Saturday, July 4, 2015

Game Balance

'Balance' is a big concept in games that basically boils down to two points: there should be no exploits that  allow for easy victory, and all game content should be usable. Chess is a good example of a balanced game. Each chess piece has a different role and value, but they are all useful. The most powerful piece, the queen, is balanced in that each player gets only one. Knights, with their L movements, are good at causing trouble up close while rooks and bishops can move long distances.

There is, however, one element of chess that's unbalanced: the first-move advantage. At the highest level, the win rate for white (the starting side) is apparently a bit above 50%. It's an interesting thing to find in the world's biggest strategy game.

My brother pointed out that fine balance only really matters at very high levels of skill. In other words, unbalanced systems in games only matter if players know how to take advantage of them. It makes sense; I've often gone first in chess and I can't remember the last time I won a game. Along the same lines, tic-tac-toe only continues to exist because not everyone knows that the first player cannot lose if they know what to do and cannot win if the second player also knows what to do.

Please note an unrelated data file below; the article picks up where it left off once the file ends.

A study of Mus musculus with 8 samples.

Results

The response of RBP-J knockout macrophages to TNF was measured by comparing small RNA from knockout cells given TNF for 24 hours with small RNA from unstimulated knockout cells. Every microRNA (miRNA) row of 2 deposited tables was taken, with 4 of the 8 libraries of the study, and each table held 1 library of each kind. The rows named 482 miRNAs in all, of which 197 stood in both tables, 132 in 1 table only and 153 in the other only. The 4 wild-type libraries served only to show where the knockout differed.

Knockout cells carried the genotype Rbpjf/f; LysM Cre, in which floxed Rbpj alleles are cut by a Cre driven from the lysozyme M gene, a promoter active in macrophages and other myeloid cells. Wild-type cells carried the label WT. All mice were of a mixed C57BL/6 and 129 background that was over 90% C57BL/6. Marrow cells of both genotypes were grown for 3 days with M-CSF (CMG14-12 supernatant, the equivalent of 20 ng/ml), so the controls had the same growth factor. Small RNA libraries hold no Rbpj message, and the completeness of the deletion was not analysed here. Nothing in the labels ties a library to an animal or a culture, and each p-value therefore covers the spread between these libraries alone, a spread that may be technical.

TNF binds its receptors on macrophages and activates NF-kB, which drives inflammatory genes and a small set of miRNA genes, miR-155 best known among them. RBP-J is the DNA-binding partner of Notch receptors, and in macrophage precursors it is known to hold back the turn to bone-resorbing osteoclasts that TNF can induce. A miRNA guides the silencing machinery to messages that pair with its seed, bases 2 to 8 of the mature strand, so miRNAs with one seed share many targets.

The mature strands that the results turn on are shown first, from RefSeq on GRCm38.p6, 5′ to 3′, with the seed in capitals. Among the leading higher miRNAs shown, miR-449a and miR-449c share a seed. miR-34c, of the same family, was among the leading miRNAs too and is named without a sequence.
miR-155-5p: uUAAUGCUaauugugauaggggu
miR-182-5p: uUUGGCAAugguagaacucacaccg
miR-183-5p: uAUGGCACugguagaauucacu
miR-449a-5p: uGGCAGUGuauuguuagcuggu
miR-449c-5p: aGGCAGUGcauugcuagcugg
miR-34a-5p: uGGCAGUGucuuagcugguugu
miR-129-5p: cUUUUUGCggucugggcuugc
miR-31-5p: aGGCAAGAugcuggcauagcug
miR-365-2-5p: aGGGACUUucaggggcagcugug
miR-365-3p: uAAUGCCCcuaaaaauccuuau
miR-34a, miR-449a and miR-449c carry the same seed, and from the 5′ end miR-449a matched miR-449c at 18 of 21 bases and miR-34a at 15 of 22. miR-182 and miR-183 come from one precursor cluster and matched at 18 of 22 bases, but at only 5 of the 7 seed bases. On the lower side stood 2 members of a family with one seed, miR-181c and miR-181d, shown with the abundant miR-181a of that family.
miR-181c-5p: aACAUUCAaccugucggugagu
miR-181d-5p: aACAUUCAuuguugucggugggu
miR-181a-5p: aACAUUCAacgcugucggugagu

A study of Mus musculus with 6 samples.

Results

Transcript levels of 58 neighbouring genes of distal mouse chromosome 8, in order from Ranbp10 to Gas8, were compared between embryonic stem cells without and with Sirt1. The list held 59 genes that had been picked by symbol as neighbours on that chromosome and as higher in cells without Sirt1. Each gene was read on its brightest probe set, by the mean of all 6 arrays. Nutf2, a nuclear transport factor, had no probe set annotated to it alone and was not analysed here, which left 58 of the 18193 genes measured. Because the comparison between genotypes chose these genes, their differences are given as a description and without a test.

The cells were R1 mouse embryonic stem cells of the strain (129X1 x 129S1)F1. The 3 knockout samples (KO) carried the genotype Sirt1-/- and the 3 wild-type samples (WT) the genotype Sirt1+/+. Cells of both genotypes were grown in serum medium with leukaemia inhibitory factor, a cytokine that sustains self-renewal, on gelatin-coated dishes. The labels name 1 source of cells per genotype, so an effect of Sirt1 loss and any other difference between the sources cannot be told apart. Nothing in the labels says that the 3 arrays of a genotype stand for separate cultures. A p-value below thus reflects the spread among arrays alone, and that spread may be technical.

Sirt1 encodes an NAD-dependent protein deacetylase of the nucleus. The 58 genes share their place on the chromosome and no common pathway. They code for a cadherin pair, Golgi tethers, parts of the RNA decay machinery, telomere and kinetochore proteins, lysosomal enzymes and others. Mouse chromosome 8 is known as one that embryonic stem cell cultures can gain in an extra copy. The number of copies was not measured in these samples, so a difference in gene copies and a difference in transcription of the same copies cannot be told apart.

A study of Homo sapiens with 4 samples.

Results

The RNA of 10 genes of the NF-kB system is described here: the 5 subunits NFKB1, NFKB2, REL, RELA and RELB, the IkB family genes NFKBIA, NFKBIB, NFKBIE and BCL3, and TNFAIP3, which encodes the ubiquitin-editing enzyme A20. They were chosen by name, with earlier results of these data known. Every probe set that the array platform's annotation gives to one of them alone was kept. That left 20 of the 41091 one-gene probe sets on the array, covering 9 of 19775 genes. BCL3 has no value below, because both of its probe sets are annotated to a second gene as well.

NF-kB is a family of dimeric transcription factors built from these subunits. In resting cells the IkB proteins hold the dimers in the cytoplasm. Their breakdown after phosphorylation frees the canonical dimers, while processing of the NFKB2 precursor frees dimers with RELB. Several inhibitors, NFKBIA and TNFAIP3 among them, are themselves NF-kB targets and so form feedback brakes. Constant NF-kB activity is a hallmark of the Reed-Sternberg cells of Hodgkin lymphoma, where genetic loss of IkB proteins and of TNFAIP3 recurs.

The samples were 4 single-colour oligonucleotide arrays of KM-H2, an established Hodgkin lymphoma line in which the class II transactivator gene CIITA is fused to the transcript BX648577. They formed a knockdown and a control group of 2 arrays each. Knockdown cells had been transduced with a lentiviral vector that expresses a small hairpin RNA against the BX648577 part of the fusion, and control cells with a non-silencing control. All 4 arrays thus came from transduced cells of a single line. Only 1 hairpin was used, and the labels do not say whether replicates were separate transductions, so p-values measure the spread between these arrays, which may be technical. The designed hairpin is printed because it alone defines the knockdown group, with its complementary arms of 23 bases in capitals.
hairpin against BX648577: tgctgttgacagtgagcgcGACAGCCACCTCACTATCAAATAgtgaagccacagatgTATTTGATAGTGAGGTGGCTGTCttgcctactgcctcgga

Because of this skill aspect, a game doesn't need to be perfectly balanced to be fun. In competitive Age of Empires II, it turns out that Mayan archers are the best units and have no effective counter once there are enough of them. Despite the existence of this 'exploit,' I've enjoyed lots of multiplayer Age of Empires because I play at a skill level where it doesn't really matter what nation I play as.

What's the perfectly balanced game? Probably Yahtzee, unless you know how to make the dice land in a certain way.